21st Mar 2018

Serbia arrests 'Bosnia butcher' Mladic

  • Ratko Mladic was indicted for war crimes 16 years ago (Photo: steffen42)

Bosnian Serb war general Ratko Mladic, charged with genocide, crimes against humanity and the killing of thousands of civilians in Srebrenica, was arrested on Thursday (26 May). The move is likely to boost the Serbian government's efforts to move further on the EU path.

Dubbed the "Butcher of Bosnia" for the massacre of Srebrenica in 1995 in which some 7,500 Muslim men and boys were executed under his command, Mladic was arrested some sixteen years after being charged in absentia by the International Criminal Tribunal for the former Yugoslavia (ICTY) in the Hague with genocide and crimes against humanity.


He fiercely rejected any suggestions that the timing of the arrest was carefully orchestrated ahead of a visit of EU foreign policy chief Catherine Ashton and a report by the ICC chief prosecutor slamming Belgrade for dragging its feet on the Mladic arrest. The arrest was "not calculated," he said.

EU officials immediately congratulated Serbia for the arrest. EU commission chief Jose Manuel Barroso called it "great news" and said it will help Serbia come closer to the EU.

Foreign policy chief Ashton, just as she was due to arrive in Belgrade, welcomed the arrest and stressed the need for Mladic to be extradited to the Hague as soon as possible. "The families of the countless victims of Mladic deserve justice," she tweeted.

Nato secretary general Anders Fogh Rasmussen, whose organisation is still involved in peacekeeping operations in Bosnia, also "strongly welcomed" the news and the prospect of justice being done. "We remain committed to assisting the whole region on the way to Euro-Atlantic integration," he said in a statement.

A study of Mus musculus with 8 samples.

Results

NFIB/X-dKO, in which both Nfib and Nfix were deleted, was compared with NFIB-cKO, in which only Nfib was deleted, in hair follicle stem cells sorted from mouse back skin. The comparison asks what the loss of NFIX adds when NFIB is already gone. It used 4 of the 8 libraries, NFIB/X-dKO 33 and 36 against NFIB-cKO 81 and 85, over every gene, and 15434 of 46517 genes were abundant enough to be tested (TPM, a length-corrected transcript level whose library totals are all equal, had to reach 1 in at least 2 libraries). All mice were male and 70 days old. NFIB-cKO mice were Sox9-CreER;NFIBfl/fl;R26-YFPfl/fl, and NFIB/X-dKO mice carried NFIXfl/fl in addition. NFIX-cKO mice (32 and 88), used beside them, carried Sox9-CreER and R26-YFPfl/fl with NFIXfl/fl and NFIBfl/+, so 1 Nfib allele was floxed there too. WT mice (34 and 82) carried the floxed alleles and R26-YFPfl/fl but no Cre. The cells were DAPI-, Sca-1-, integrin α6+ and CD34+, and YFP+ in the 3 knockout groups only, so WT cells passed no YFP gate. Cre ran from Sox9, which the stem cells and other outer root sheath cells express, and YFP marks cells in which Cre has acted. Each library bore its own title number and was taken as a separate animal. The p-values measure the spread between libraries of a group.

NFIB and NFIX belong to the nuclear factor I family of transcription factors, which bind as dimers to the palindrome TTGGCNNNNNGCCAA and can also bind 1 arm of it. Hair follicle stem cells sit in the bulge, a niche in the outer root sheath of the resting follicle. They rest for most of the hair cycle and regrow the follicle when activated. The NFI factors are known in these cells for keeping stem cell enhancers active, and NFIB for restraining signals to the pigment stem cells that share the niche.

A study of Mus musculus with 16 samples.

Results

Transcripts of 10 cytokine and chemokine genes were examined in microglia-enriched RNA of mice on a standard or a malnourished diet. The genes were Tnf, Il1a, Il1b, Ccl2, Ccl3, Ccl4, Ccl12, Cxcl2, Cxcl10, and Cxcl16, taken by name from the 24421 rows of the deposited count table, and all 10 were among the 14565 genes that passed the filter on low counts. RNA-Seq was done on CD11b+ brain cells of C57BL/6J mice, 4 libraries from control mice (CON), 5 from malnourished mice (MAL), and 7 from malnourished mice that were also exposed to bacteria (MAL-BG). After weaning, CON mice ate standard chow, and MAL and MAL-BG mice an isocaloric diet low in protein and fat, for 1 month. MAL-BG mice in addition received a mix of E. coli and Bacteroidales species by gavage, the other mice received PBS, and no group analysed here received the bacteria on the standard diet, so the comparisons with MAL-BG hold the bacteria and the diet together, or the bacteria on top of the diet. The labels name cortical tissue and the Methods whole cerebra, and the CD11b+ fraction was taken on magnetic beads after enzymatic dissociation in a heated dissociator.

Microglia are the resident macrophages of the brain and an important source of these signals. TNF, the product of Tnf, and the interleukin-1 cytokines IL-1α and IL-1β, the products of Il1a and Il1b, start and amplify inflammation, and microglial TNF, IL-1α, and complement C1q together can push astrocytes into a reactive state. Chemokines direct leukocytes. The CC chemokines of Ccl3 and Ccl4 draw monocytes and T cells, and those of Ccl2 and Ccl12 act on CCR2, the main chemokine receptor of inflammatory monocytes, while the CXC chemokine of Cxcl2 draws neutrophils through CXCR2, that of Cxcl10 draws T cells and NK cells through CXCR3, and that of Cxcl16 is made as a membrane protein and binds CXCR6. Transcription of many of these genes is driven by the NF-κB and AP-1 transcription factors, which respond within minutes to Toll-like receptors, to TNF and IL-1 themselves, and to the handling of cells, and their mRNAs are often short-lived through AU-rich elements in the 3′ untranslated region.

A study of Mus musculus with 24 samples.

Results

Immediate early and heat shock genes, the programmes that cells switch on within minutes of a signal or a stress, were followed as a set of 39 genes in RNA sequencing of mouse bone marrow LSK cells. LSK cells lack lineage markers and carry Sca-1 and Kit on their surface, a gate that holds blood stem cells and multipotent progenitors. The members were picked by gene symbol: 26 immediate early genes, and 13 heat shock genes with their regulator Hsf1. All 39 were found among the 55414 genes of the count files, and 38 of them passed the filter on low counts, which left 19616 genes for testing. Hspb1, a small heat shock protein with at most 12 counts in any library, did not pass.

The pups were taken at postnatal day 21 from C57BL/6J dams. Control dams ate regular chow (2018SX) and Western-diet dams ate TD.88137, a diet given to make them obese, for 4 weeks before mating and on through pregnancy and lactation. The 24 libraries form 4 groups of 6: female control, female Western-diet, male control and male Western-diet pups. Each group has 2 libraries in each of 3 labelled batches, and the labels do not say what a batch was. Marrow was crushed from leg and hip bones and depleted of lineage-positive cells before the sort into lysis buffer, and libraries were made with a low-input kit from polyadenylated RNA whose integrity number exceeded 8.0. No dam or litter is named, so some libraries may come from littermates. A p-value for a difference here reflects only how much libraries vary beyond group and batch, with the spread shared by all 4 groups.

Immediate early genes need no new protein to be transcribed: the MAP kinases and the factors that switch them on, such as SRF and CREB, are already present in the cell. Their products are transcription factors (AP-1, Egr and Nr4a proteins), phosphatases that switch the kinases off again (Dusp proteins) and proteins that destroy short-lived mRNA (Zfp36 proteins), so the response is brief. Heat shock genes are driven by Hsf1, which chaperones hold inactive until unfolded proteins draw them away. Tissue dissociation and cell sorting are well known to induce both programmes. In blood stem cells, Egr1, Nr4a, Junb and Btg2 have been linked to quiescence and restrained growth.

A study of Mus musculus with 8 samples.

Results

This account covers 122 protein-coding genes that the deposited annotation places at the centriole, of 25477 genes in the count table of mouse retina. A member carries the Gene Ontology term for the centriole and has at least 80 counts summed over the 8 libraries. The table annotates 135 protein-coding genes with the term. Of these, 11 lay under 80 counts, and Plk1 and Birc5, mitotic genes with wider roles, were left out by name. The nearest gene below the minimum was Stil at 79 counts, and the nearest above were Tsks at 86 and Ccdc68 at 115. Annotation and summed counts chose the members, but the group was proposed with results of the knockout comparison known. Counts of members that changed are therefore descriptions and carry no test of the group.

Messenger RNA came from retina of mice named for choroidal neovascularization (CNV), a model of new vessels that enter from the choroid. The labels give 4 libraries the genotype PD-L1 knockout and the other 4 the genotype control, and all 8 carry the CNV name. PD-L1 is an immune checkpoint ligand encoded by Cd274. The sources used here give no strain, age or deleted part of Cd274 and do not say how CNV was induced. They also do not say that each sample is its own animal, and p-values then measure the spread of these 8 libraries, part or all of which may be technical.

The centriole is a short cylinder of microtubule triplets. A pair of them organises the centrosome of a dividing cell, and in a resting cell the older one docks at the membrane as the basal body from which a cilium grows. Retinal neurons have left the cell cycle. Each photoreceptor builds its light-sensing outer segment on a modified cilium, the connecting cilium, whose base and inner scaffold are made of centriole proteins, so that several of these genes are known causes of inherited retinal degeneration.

On behalf of the European Parliament, which has a key role in assessing Serbia's progress towards EU membership, President Jerzy Buzek congratulated Serbian authorities and said the arrest is "gives new impetus to Serbia's EU accession process."

But he also recalled that another fugitive, Goran Hadzic, is still at large and that "all efforts should be made to arrest and bring him to justice."

As for Mladic, whose life in hiding was certainly facilitated by former and current Serbian military officials, a book published in 2004, "They would never hurt a fly" by Slavenka Drakulic, depicts him as a "powerful man, who kept Sarajevo under siege for three years, a city where his mother and friends used to live."

"Twelve thousand people were killed in Sarajevo before he withdrew his forces. Then he moved on to Goradze and Srebrenica."

A documentary from 11 July 1995 recorded by Serbian TV shows him in a room negotiating with UN Dutch commander Tom Karremans, after his troops had captured Srebrenica. "Mladic is barking at Karremans," Drakulic writes. "The documentary reveals him as an aggressive, narcissistic person, full of himself after having taken the Srebrenica enclave. But it also shows Mladic as a liar. He lies to Karremans in telling him that the Muslim population is not the aim of his action."

The mass execution of some 7,500 Muslim boys and men that followed sent shockwaves through the Western world, where it was seen as inconceivable that such atrocities could take place in Europe 50 years after the end of World War II.


They got him!

The Serbian population has gone through hardship and frustration and has often been regarded as the wrongdoers by the international community. Hopefully the arrest of Ratko Mladić means that Serbia can move on, writes Jos Boonstra.

Mladic found guilty for Bosnia genocide and war crimes

The former Bosnian Serb warlord was sentenced to life in prison for committing genocide and war crimes in Srebrenica and Sarajevo. Mladic is still regarded as a 'hero' among some Bosnian Serbs, in a country undergoing resurgent nationalism.

EU divided over Western Balkan enlargement

After the European Commission presented its Western Balkans strategy last week, with a view of possibly integrating the region by 2025, some EU ministers were less enthusiastic after their first discussion of the new policy.


Why has central Europe turned so eurosceptic?

Faced with poorer infrastructure, dual food standards and what can seem like hectoring from western Europe it is not surprising some central and eastern European member states are rebelling.